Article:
EMPEROR Vs. SAMANSAB SULTANSAB HUKERI
HIGH COURT OF BOMBAY
SAMANSAB SULTANSAB HUKERI
(2.)Notices having been issued to the opponents to show cause why the sentences passed on them should not; be enhanced, they are entitled under Section 439(f) of the Criminal Procedure Code to show cause against their convictions, and the learned advocates on their behalf have challenged the validity of their convictions on the ground that their pleas of guilty merely amounted to the admission of the fact of the removal of rice without the District Magistrate s permits and that in fact they had no knowledge of the District Magistrate s order which had not been duly published as required by Rule 119 of the Defence of India Rules, 1939. It is true that there is no direct evidence to prove the publication of the order as required by Rule 119(1), nor is there any evidence to show that the opponents were aware of the order when they were found removing rice from one place to another. It is also equally true that they did not state in their statements that they were not aware of the order. The order was specified in the charge and when the charge was read out and explained to them they pleaded guilty to it without even suggesting that they were unaware of the order. It is, however, urged on their behalf that it was incumbent on the prosecution to produce the order and also to prove that the order was known to the opponents. It is also urged that the order had to be published as required by Rule 119(i) of the Defence of India Rules before it could take effect. In the absence of any evidence regarding the publication of the order it may be taken for the purposes of these cases that the order was not published as required by Rule 119. But that does not mean that the order itself was invalid. Our attention was drawn to several decided cases regarding the interpretation and the effect of Rule 119(1). There are two eases which support the contention urged on behalf of the opponents. In Shakoor Hasan v. Emperor  A.I.R. Nag. 40 Niyogi J. (sitting singly) held that any order passed by the District Magistrate under Rule 81(2) of the Defence of India Rules could not bind the person concerned unless it was published in accordance with Rule 119(1). In Public Prosecntor v. Narayana Reddy [194S] A.I.R. Mad. 192 Chandraskhara Aiyar J. (sitting singly) observed:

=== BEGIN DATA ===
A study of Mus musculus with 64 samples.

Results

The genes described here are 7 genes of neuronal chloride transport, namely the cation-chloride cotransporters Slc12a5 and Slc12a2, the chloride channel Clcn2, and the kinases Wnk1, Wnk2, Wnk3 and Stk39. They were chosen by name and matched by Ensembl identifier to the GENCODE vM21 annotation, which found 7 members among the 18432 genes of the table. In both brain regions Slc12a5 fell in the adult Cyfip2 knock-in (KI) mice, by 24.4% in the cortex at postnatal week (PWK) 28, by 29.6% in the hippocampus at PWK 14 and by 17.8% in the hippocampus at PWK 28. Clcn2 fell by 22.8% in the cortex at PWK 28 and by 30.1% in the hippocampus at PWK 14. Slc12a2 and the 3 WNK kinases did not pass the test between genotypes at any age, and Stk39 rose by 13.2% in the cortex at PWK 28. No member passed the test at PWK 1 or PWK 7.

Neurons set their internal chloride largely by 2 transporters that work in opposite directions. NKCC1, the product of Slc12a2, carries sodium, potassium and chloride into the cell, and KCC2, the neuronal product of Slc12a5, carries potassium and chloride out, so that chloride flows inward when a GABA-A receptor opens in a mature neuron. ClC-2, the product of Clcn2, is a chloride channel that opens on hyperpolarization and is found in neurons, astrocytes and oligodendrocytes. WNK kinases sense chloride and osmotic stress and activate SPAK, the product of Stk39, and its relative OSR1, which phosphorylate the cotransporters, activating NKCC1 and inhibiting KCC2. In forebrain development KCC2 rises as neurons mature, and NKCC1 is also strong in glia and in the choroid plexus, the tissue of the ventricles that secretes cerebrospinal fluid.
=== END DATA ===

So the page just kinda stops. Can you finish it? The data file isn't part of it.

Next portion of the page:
The prosecution has to show before relying on the order prohibiting transport of grain that there was publication of the order in accordance with what the authority, officer or person issuing it considered was best adapted for conveying information to the persons whom the order concerns.
(3.)With respect, we think that these decisions have gone far beyond what is provided for in Rule 119(1) of the Defence of India Rules. That rule runs as follows:-
Save as otherwise expressly provided in these Rules, every authority, officer or person who of makes any order in writing in pursuance of any of these Rules shall, in the case of an order of a general nature or affecting a class of persons, publish notice of such order in such manner as may in the opinion of such authority, officer or person, be best adapted for informing persons whom the order concerns... .and thereupon the persons, corporation, firm or person concerned shall be deemed to have been duly informed of the order.